As most of this blog’s readers are aware, last year, the Kenyan government embarked on its largest infrastructure investment so far, the construction of a Standard Guage Railway (SGR) from Mombasa to Nairobi, which has been extended to terminate in Naivasha.
There has been varied opinions on the economic viability of the project, there are also concerns on the environmental impact, specifically the effect the Naivasha phase will have on the Nairobi National Park. My interest in this matter is purely about preserving the park. Knowing what I know about land grabbers using infrastructure projects to section off land for themselves (see the Southern Bypass), I do not think the SGR should pass through the park. It is always best to err on the side of caution.
A number of organisations have come together under the umbrella of Save Nairobi National Park (SNNP), led by the Friends of the Nairobi National Park (FONNAP) to lobby the government to re-route the SGR away from the park. SNNP proposes that the railway line is re-routed from Konza, South of Kitengela, through the Isinya-Kajiado landscape. This route is the most cost effective because it goes through low-density settlement areas, avoids the national park and its environs and utilizes existing road and rail infrastructure and further develops Kajiado County.
SNNP has raised the following environmental concerns:
- The actual construction process itself and operating a railway through the Park is against the principle of enhancing protection, conservation and management of wildlife resources in the country as stipulated in the Wildlife Conservation and Management Act of 2013. Further, the Act requires all development in national parks and reserves to be guided by a management plan.
- Nairobi National Park Management plan expired in 2010
- Current Spatial Plan issued by the National Land Commission (NLC) states that no construction should be undertaken in protected areas
Some legal procedures have also been flouted and have not been followed:
- Proper public consultation and stakeholder engagement was not carried out before the project was launched. The one forum that was held in Kajiado was on a short notice, it was in English and Kiswahili which locked out many local residents. There has not been a forum for Nairobi residents, or even users of the park that would be affected.
- Inadequacy of a comprehensive and inclusive environmental and social impact assessment. The report prepared and presented by NEMA was launched in October 2016, months after the project was launched. Ideally, this should be done before the project is launched, because the findings can and do affect its implementation. It seems the decision had been made and the assessment was just a formality.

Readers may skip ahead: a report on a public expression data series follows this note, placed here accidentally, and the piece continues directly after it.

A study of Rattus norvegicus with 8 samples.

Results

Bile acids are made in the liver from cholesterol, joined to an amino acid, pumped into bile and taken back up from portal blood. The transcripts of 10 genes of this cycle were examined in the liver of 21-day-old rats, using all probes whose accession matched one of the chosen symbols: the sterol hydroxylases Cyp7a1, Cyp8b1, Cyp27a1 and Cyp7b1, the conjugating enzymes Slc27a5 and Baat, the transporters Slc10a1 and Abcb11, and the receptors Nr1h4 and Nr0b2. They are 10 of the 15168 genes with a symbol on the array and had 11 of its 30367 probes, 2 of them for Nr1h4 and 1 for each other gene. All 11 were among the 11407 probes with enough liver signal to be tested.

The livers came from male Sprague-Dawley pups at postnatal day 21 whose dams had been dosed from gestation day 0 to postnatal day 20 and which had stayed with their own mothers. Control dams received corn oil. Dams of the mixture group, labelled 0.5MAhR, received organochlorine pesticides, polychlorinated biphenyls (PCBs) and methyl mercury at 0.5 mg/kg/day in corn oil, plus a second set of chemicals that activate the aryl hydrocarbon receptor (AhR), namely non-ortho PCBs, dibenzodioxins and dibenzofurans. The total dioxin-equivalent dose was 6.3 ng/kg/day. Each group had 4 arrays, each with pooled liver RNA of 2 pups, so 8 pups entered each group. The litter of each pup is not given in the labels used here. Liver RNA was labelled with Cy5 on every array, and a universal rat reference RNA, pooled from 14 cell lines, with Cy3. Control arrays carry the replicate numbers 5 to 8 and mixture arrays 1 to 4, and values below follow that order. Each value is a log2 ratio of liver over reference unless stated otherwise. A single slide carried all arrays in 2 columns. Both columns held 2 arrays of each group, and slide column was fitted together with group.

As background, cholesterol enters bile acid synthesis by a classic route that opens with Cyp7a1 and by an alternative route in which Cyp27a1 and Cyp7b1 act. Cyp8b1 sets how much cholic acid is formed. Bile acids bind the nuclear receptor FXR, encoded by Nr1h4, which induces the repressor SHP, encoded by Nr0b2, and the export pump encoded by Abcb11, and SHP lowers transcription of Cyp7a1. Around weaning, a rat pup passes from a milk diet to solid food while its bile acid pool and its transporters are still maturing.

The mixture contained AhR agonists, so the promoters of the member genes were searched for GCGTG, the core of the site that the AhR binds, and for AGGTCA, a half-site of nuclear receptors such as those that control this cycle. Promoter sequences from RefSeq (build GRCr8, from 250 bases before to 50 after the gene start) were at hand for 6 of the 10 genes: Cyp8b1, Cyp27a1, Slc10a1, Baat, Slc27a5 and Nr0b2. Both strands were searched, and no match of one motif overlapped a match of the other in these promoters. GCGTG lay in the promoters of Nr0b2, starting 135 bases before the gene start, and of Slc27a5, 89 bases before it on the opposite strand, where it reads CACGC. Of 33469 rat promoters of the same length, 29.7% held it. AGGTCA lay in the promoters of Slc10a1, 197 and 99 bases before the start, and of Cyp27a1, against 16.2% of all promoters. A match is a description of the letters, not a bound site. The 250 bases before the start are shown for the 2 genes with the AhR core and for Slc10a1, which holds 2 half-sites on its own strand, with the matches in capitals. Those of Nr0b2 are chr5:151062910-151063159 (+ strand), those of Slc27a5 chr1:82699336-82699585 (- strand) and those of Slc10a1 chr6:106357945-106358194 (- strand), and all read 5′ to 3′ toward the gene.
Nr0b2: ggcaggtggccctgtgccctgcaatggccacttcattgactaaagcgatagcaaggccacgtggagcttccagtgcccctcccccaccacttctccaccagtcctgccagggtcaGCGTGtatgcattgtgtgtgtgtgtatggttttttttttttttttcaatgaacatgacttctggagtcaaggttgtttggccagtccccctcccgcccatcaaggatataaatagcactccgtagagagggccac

- Lack of transparency on any feasibility studies conducted on the seven route options presented. The information in the public domain is incomplete and some costs have not been ascertained, and neither has the method of estimating these costs been disclosed.
- Contempt of National Environment Tribunal (NET) stop order on all activities related to SGR Phase 2A: meetings, construction and the launch of SGR have taken place
Considering that the Nairobi National Park is one of our most popular parks in the country, receiving over 135,000 visitors annually,it is our duty to speak out and demand that due process be followed in the implementation of the SGR. In addition to this, we need to consider the long term cost of this decision on the park, versus the short term cost of going with an alternative route.
Are we ready to lose the Nairobi National Park? The Southern Bypass already ate into the buffer that was set up to protect the park, and driving down that route, you can see housing estates that have cropped up on the left of the bypass. I think it is better to err on the side of caution and go with an option that leaves the park intact.
Share this post with your friends and followers to increase awareness of this. Hopefully, if there will be a public participation forum early this year, I shall update.